The Auckland Dragon Boat association had to cancel its practise sessions after safety warnings of 'hazardous substances' were reported for their training area.

The Auckland Council's Safeswim website issued a safety warning for St Marys Bay, after water runoff from the Sky City convention centre was released into the harbour.

A club member, who didn't want to be named, said she didn't feel safe to go into the water.

"During training, we get completely soaked...there's no way to stay dry on those boats."


The member had just joined this month when the season opened, and was attending training two nights per week.

She is keen to get back out on the water, but wants reassurance they can complete their training 'without being poisoned'.

One of the teams - the Pink Dragons - is a collective of breast cancer survivors. The club member stressed that these women are still in a fragile condition of health, and they use dragon boating as a physical way to recover.

"The last thing these women need is to be exposed to hazardous levels of toxic chemicals which were deliberately dumped there.

"It makes me really angry that they're putting people's health at risk when they could take it elsewhere."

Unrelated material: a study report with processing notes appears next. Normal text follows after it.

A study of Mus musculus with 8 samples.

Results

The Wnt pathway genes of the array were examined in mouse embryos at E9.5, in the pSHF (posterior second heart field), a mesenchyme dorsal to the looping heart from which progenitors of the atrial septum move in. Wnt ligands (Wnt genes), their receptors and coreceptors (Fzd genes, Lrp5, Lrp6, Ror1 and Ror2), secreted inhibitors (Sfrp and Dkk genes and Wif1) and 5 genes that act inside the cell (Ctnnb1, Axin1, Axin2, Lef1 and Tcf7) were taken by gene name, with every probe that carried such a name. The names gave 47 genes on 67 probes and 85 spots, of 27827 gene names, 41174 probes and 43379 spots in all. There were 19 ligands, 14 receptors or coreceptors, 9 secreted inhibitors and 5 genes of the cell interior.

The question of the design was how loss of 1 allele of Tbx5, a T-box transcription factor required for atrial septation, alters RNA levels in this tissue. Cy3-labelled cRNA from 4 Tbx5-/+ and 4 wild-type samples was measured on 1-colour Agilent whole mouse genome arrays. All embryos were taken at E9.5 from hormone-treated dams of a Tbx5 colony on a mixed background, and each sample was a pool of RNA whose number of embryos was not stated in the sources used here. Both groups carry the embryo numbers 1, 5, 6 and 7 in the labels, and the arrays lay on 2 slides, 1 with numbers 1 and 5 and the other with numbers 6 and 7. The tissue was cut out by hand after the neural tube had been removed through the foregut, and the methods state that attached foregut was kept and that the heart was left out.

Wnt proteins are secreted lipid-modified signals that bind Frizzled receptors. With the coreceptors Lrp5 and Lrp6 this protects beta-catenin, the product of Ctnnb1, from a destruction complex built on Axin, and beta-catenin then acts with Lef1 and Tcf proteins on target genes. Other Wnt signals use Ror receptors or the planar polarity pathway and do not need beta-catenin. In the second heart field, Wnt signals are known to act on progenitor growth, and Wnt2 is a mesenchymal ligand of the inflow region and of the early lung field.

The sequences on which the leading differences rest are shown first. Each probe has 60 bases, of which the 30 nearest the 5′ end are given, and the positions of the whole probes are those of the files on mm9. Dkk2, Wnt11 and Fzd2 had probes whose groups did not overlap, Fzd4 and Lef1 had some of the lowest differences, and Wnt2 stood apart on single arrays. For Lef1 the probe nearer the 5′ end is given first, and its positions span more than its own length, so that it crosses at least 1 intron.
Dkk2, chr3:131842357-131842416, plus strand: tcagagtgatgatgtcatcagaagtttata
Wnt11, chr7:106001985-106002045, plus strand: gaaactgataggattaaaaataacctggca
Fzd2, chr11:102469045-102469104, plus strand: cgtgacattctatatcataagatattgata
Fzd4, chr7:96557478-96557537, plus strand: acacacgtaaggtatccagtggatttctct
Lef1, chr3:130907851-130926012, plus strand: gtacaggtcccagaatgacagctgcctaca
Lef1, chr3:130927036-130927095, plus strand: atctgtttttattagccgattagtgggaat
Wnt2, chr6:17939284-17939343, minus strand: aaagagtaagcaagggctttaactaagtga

Association chair Bill Lomas said they have between 140-240 people on the water most evenings and Sunday mornings, but they didn't want to take the risk.

"We take the water quality and the safety of our people quite seriously, so we were in contact with the council and Safeswim from about 9am yesterday morning to try and find out whether we could paddle in the water and what would happen.


Lomas said it was a shame to cancel the sessions, but they had no other option.

"We have 20 people to a boat. You're hands are in the water, you're getting splashed by everything else that's coming up. So it does come into contact with your face, with your skin, your eyes, and that's just what dragon boating is."

Lomas said several trainings each year are cancelled because of water quality issues.

"It's quite often that St Marys Bay is a 'not-safe-to-swim' area...it's been this way for ten years."

Safeswim programme manager Nick Vigar confirmed that water contaminated with 'sufficiently low' hydro-carbon levels was pumped into the sea for the first twenty hours from the start of the fire.


In the meantime, Vigar advises the public to treat water as potentially hazardous.